November 16, 2016, 11:00 AM UTC
Top-Polling GOP Candidates Participate In First Republican Presidential Debate
CLEVELAND, OH - AUGUST 06: Republican presidential candidate Donald Trump fields a question during the first Republican presidential debate hosted by Fox News and Facebook at the Quicken Loans Arena on August 6, 2015 in Cleveland, Ohio. The top ten GOP candidates were selected to participate in the debate based on their rank in an average of the five most recent political polls. (Photo by Scott Olson/Getty Images)

Even as the Dow Jones Industrial Average rallied for the seventh straight session Tuesday, hitting 18,923—a new all-time high—by the market’s close and some banks have taken on a more optimistic tone about the president-elect’s potential effect on the economy, Goldman (GS) is ringing the warning bell post-election once again.

This time they have pulled out the economic s-word—Stagflation.

In a note on Monday, Goldman economists Sven Jari Stehn and Alec Phillips argued that Trump’s economic policies could bring about both higher inflation, more unemployment, and a slower economy—largely due to the president-elect’s promise to pair more spending with protectionism, both of which have the potential to significantly increase prices, Bloomberg reported.

It’s not the first time Goldman has predicted Trump doom, incorrectly. Shortly before the election, Goldman predicted that a Trump win would cause the stock market to crater. When that didn’t happen, Goldman doubled down, this time saying that Trump likely would have very little impact on the stock market. Wrong again, stocks have hit new high, after new high since the election.

Still, even if Goldman has been skeptical of Trump, the bank’s investors have been bullish on what the new president will mean for the bank.

Shares of Goldman having surged 16% since election night. The bankings sector as a whole has been given a boost, as investors expect Trump’s rhetoric about pulling back the Dodd-Frank Act to materialize as looser regulation for the financial sector. Meanwhile, financial companies could see a bump in their bottom line as Trump’s plan to increase fiscal spending could push bond yields and borrowing rates higher.

Another bonus: Goldman, more so than its rivals, has dragged its feet in complying with Dodd-Frank’s Volcker rule, particularly when it comes to banning banks from holding private equity stakes. It’s held onto its PE business, and it’s lucrative fees, long after nearly all of its rivals have ditched it because of the new regulations, pledging it would follow suit by July 2017. Now it may not have to.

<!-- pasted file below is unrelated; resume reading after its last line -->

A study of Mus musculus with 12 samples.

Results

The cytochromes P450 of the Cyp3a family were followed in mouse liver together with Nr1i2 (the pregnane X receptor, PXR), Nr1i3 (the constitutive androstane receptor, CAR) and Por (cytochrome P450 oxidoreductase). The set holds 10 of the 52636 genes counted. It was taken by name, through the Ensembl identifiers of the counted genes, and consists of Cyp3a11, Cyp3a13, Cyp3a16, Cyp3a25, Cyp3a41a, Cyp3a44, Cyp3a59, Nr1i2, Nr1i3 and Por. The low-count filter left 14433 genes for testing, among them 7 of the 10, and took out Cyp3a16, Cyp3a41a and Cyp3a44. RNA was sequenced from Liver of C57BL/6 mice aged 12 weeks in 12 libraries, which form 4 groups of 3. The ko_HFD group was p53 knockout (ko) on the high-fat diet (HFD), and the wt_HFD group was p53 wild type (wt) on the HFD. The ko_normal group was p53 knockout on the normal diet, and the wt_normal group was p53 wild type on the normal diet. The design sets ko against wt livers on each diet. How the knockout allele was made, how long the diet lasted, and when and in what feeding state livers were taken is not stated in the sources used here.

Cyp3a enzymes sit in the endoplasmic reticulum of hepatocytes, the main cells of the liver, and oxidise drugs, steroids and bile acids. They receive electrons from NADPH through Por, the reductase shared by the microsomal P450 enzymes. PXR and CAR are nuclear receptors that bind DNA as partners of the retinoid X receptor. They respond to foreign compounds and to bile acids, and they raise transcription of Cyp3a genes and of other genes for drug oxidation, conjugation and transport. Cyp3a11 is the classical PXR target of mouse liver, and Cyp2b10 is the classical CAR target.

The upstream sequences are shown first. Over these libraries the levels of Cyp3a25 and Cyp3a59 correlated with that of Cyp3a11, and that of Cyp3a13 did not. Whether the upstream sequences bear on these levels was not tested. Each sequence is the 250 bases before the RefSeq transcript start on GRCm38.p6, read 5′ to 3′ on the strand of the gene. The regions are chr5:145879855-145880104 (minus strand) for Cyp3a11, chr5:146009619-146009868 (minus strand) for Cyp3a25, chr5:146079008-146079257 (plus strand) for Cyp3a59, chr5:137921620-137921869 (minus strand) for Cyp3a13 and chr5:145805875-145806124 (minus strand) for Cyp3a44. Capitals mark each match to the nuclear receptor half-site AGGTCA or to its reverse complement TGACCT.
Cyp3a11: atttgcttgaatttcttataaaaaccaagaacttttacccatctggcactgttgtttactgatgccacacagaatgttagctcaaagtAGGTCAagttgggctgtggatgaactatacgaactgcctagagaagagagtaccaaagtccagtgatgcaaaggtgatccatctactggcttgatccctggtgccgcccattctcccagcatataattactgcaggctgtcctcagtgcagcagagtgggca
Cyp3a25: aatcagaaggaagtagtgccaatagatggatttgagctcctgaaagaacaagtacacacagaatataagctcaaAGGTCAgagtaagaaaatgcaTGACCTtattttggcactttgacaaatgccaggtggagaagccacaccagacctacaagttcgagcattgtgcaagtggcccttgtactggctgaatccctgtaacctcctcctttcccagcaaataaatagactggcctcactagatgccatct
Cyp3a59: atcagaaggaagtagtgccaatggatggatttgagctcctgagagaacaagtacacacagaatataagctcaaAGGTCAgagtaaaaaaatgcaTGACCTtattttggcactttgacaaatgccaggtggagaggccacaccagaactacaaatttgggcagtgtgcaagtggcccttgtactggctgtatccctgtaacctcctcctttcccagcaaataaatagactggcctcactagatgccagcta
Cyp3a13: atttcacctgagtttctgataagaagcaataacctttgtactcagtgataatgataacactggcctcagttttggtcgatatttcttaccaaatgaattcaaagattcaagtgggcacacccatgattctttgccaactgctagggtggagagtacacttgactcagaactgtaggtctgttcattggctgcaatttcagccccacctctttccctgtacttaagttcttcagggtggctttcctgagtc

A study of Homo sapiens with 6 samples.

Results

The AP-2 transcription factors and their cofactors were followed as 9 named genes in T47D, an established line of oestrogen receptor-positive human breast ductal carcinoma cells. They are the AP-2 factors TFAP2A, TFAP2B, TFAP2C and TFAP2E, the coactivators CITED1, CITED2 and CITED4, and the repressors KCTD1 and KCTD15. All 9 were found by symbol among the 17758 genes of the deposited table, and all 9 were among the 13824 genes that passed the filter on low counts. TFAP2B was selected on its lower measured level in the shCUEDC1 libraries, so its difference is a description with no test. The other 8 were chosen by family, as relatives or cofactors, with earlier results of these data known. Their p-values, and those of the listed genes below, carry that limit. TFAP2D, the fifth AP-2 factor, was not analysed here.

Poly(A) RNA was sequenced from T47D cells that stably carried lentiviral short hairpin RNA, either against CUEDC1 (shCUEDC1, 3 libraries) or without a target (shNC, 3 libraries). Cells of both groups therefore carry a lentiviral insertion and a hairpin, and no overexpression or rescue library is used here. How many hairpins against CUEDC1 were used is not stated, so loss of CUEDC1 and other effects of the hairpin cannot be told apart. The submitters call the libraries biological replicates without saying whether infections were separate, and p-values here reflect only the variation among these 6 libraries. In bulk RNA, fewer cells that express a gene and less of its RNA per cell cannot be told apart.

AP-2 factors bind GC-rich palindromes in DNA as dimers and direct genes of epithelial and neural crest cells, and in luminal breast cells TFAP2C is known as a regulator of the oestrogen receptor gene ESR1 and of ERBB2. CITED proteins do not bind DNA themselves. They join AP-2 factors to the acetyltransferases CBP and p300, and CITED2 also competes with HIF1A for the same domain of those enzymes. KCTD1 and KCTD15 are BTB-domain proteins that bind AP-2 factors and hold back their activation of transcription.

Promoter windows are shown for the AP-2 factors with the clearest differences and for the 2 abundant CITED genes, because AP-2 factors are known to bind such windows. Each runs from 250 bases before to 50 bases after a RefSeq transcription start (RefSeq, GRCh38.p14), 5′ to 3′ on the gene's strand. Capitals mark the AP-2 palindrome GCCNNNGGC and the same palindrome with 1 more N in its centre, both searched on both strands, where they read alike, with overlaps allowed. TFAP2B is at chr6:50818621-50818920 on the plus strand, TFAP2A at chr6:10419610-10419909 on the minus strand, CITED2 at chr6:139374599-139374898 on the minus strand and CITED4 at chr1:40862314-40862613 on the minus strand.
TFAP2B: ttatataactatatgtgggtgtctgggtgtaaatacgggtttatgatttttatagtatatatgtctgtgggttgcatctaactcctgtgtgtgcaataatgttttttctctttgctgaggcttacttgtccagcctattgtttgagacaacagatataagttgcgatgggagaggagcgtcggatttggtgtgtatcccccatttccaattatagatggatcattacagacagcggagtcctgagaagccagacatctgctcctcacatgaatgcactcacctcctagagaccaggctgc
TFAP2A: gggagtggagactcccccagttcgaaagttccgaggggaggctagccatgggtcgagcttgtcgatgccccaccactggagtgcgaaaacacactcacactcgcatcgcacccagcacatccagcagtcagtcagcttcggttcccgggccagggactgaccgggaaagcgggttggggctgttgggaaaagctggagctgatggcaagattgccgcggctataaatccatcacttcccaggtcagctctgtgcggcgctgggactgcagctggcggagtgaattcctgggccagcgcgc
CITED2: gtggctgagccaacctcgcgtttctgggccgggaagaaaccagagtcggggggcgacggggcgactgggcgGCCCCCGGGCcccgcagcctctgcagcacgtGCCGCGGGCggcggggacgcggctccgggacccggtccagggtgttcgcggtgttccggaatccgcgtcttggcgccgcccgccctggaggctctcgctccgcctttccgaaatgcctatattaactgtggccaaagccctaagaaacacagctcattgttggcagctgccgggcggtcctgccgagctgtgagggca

And Goldman and Trump have a bit of a history. The bank fired its only known employee to have donated to the Trump-Pence ticket earlier this year—though their likely were others—though the bank said the termination was due to the employee’s decision to start a business without the bank’s permission. And Goldman banned top employees from donating to the Trump campaign because of so-called pay to play rules. Donations to the Clinton-Kaine ticket were allowed.


For Trump’s part, the businessman has accused Goldman of colluding with Hillary Clinton to ruin the U.S. and enrich the elite. The Trump campaign’s closing ad, aimed at Clinton and Wall Street, even featured a clip of CEO Lloyd Blankfein, although a number of people in Trump’s inner circle formerly worked at Goldman.

Blankfein himself refused to endorse a candidate, saying his opinion could unduly influence the outcome of the election. Nonetheless, following the election Blankfein sent out a note to Goldman employees saying he was optimistic, noting that the president-elect’s proposed infrastructure spending could boost the economy. Still, Blankfein said he really didn’t know what a Trump presidency would bring. “We can aspire to predict the future, but that is beyond our reach,” wrote Blankfein. Clearly.